Introduction to Gas Chromatography—Principles, Characteristics, and Process

What is gas chromatography?

Chromatography is a technique that separates components in a mixture by the difference in partitioning behavior between mobile and stationary phases. Gas chromatography (GC) is one of the popular chromatography techniques to separate volatile compounds or substances. The mobile phase is a gas such as helium, and the stationary phase is a high-boiling liquid that is adsorbed on a solid. Because of its simplicity, high sensitivity, and the ability to effectively separate mixtures, gas chromatography has become one of the most important tools in proteomics, metabolomics and lipidomics.

The principle of gas chromatography

Components in the mixture are distributed between two phases, one of which is a stationary phase, and the other is a mobile phase gas, or carrier gas, that carries the mixture through the stationary phase. Compounds in the mobile phase interact with the stationary phase as they pass through. Due to the differences in properties and structures of each component, the size and affinity of each interaction with the stationary phase are different. Therefore, under the same driving force, the retention time of different components differs in the column, thus moving out of the column in different orders.

Advantages of gas chromatography

1) High separation efficiency and analysis speed: for example, gasoline samples can obtain more than 200 chromatographic peaks in 2 hrs. A general sample analysis can be completed in 20 minutes.

2) Small sample consumption and high detection sensitivity: 1 ml of gas sample consumption, 0.1 µl of liquid sample consumption, a few mg of solid sample consumption. Proper detectors can detect impurities in the tens to a few parts per million.

3) Gas chromatography has good selectivity and can be used to analyze azeotropic mixtures and samples with close boiling points. For example, some isotopes, cis-trans isomers, adjacent or intertrans isomers, optical isomers, etc.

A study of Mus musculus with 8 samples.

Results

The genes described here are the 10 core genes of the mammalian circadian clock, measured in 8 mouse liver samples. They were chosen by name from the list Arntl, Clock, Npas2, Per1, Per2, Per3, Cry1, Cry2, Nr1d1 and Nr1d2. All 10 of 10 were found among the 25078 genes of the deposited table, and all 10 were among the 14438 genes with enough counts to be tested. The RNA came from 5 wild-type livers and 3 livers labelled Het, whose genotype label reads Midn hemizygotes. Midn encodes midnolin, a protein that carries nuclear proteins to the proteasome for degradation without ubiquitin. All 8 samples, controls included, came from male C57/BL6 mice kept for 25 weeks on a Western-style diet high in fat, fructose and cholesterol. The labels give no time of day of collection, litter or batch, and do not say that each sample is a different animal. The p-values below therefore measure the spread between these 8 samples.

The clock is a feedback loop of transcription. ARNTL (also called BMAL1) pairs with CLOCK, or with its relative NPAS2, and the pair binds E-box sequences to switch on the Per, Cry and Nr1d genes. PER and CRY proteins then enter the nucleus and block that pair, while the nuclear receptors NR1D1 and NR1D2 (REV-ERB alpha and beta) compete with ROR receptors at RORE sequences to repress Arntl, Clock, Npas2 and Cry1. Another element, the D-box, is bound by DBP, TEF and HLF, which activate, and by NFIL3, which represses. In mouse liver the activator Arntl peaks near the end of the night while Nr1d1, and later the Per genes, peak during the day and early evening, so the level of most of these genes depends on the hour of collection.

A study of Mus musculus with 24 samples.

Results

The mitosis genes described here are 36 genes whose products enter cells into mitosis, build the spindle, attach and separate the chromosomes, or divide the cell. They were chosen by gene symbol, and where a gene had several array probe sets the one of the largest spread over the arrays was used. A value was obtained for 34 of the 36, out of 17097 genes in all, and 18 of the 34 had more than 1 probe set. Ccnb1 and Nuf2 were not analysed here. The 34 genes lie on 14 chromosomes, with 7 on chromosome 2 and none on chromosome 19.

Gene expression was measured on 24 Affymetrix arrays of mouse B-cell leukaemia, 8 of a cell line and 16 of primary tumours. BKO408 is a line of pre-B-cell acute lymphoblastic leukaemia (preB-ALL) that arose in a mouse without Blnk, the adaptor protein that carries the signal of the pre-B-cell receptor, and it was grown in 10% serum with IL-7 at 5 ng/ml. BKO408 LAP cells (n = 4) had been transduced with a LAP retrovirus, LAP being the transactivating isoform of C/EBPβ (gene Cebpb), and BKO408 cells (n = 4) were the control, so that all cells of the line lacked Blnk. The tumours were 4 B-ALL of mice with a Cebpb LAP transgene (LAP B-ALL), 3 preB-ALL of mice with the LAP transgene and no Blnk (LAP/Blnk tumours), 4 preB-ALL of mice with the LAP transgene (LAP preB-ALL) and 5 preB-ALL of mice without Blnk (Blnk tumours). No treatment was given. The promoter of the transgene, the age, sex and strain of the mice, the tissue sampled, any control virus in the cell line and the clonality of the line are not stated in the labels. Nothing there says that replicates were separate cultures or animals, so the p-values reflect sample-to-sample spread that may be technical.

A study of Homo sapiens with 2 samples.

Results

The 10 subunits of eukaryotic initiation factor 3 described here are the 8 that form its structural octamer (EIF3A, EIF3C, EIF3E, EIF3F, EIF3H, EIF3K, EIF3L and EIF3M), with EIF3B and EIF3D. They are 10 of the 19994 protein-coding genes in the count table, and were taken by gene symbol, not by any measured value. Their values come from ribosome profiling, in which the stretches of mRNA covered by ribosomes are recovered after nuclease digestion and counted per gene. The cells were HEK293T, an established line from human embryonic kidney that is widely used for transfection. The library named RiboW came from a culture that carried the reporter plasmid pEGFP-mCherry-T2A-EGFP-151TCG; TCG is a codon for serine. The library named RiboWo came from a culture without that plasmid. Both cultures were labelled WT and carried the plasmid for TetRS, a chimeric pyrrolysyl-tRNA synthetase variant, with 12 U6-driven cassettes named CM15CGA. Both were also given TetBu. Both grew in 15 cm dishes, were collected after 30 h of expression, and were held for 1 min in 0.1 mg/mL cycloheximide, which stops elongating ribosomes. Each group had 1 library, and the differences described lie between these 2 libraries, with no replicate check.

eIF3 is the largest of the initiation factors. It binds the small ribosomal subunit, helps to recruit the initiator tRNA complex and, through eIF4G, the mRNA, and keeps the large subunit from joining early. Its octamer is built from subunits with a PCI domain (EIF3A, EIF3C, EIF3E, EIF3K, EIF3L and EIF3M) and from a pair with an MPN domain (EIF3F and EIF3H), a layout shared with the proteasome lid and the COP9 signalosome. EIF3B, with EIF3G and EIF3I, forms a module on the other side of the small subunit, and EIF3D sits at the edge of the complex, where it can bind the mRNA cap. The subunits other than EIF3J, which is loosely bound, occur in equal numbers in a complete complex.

4) Wide range of applications, although mainly used to analyze gases and volatile organic substances;under certain conditions, it can also be used to analyze high boiling point substances and solid samples.

Disadvantages of gas chromatography

It can only be used to analyze volatile substances. Some highly polar substances can be derived to increase their volatility for GC analysis, but the process can be complex and may introduce errors in quantitative analysis.

How does gas chromatography work?

First, the sample is introduced into a stream of inert gas, or a carrier, which is usually helium or argon. For a liquid sample, it needs to be evaporated before being injected into the carrier. Sample components move through the packed column at a rate affected by the degree of interaction of each component with the stationary non-volatile phase. Substances that interact more with the stationary phase are delayed and thus separated from substances that interact less. When the components are eluted from the column, they can be quantified and/or collected through the detector for further analysis.


  1. McNair H M, Miller J M, Snow N H. Basic gas chromatography. John Wiley & Sons, 2019.
  2. Scott R P W. Introduction to Analytical Gas Chromatography, Revised and Expanded. CRC press, 2017.